Another new year, another fresh intellectual property lawsuit to start things off. Warner Bros. and the creator and license holder of HDCP (Hi-Definition Copyright Protection) software, Digitial Content Protection, LLC, have jointly sued Chinese outfit Legendsky (dba HDFury) over allegations that at least one of its devices strips content of its digital copyright protection, rendering it viewable on devices not originally intended by the studios.

The guy who ran the HD Fury website seemed not to have any qualms at all about the "HD Fury Integral" device, marketing it as liberation from "HDCP errors".

Newer and More Illegal-ish

There had been many dubious devices sold by HDFury in the past, but the company's release of the "Integral 4K60 4:4:4 600MHz" is particularly troubling to both Warner Bros. and the creator of DCP because it has the capability of bypassing DCP's HDCP 2.2, the current iteration protection 4K video. That's Netflix and Amazon, if you're wondering.

Cable TV Theft -- 2016 Style

All of this has the scent of cable TV theft that was all the counter-culture rage during the 90s.

Both plaintiffs alleged in their complaint in New York court that the use of a device that strips HDCP encryption in order to display content on a monitor not designed (ahem, intended) to display HD content is illegal under the Digital Millenium Copyright Act. Quite frankly, we don't think this bothers this individual at all.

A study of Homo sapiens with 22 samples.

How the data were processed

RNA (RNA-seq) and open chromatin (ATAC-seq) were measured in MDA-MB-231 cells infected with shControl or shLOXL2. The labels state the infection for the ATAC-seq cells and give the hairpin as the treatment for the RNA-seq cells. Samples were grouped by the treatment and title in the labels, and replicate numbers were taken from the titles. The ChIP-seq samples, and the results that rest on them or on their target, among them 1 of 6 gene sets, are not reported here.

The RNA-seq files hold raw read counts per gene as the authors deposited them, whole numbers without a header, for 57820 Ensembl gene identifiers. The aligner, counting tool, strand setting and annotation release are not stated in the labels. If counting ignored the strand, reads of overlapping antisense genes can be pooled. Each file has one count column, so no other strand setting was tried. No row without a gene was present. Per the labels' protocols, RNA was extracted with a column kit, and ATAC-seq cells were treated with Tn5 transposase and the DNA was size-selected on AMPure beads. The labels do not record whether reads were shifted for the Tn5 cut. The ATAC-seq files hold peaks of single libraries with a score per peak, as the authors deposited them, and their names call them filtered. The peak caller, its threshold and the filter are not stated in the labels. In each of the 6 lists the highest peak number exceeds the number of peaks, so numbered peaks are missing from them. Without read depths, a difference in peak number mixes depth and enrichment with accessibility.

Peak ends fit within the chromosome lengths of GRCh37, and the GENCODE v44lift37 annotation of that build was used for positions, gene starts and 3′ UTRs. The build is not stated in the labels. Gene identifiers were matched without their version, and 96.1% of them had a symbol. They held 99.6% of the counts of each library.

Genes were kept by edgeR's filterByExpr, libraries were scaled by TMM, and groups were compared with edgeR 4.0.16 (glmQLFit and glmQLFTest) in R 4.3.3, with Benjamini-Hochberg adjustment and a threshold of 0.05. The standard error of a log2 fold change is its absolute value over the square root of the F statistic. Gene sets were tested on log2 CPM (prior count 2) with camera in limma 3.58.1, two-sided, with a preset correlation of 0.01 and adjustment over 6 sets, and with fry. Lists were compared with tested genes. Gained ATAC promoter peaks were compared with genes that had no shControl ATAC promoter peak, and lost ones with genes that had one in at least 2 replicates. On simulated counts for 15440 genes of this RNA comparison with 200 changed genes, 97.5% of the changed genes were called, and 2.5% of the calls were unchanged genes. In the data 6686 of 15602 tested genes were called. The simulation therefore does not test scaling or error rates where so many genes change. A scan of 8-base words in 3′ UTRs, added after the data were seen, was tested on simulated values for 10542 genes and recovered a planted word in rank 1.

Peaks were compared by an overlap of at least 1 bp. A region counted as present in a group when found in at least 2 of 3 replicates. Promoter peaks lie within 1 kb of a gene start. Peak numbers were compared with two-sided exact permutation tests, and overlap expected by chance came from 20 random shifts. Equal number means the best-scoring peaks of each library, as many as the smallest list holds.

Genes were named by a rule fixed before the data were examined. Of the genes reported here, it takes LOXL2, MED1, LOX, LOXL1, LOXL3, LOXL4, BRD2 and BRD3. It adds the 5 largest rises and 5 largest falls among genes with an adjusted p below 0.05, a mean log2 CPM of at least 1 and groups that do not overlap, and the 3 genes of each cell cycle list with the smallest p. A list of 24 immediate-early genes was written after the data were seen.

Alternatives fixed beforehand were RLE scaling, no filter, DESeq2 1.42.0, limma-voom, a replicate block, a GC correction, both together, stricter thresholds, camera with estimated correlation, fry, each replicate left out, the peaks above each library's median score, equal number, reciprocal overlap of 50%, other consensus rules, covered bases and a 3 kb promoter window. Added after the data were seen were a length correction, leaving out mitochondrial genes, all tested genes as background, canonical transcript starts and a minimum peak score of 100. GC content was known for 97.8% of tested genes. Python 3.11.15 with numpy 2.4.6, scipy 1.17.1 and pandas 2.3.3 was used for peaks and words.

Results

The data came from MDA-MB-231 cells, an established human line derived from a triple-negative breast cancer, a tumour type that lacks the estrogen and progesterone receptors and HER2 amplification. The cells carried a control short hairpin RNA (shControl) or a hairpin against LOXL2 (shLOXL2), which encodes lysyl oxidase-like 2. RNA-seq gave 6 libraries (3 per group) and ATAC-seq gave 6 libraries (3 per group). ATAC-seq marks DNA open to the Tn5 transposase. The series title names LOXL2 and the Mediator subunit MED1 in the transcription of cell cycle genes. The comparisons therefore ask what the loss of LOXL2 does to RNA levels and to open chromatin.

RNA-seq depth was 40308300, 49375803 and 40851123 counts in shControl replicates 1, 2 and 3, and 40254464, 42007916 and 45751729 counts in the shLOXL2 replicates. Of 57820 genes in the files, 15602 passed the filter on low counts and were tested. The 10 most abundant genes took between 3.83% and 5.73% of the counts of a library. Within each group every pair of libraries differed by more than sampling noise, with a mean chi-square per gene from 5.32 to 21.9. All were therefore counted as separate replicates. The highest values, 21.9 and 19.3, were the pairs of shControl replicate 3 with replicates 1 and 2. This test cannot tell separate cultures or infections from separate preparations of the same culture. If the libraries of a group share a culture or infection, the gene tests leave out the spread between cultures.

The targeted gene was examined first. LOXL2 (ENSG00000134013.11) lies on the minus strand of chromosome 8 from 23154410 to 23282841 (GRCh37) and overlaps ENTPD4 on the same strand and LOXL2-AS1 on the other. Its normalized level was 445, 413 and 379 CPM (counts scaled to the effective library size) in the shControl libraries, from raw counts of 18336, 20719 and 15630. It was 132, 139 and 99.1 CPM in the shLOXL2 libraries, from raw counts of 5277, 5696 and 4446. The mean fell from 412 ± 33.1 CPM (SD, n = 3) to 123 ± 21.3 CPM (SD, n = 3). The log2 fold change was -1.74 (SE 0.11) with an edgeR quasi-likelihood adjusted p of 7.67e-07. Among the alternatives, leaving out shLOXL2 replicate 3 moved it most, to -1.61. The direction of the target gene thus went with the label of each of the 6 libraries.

HDFury's Legal Strategy

Still, the company is not without its legal strategy. Perhaps to cover itself, HDFury has posited that digital rights advocates see the stripping of HDCP from content for use on older devices as nothing more than the exercise of fair use, a theory that both plaintiffs are sure to balk at.

And they wouldn't be completely unjustified in their position. Many years ago, Real (of RealNetworks) pushed for the building of a device that would circumvent copyright protection on DVDs to serve the market under a similar fair use theory. The aim was to move content readily between devices. But when the studios got wind of this, they sued like no other and the judge agreed with the studios that such a produce would be a violation of the DMCA.

Still, so what? Even if lawyers are successful at taking down HDFury's site, another will pop up. People salivate over pirated video -- and supply follows demand. By the way, the HDFury site is back up.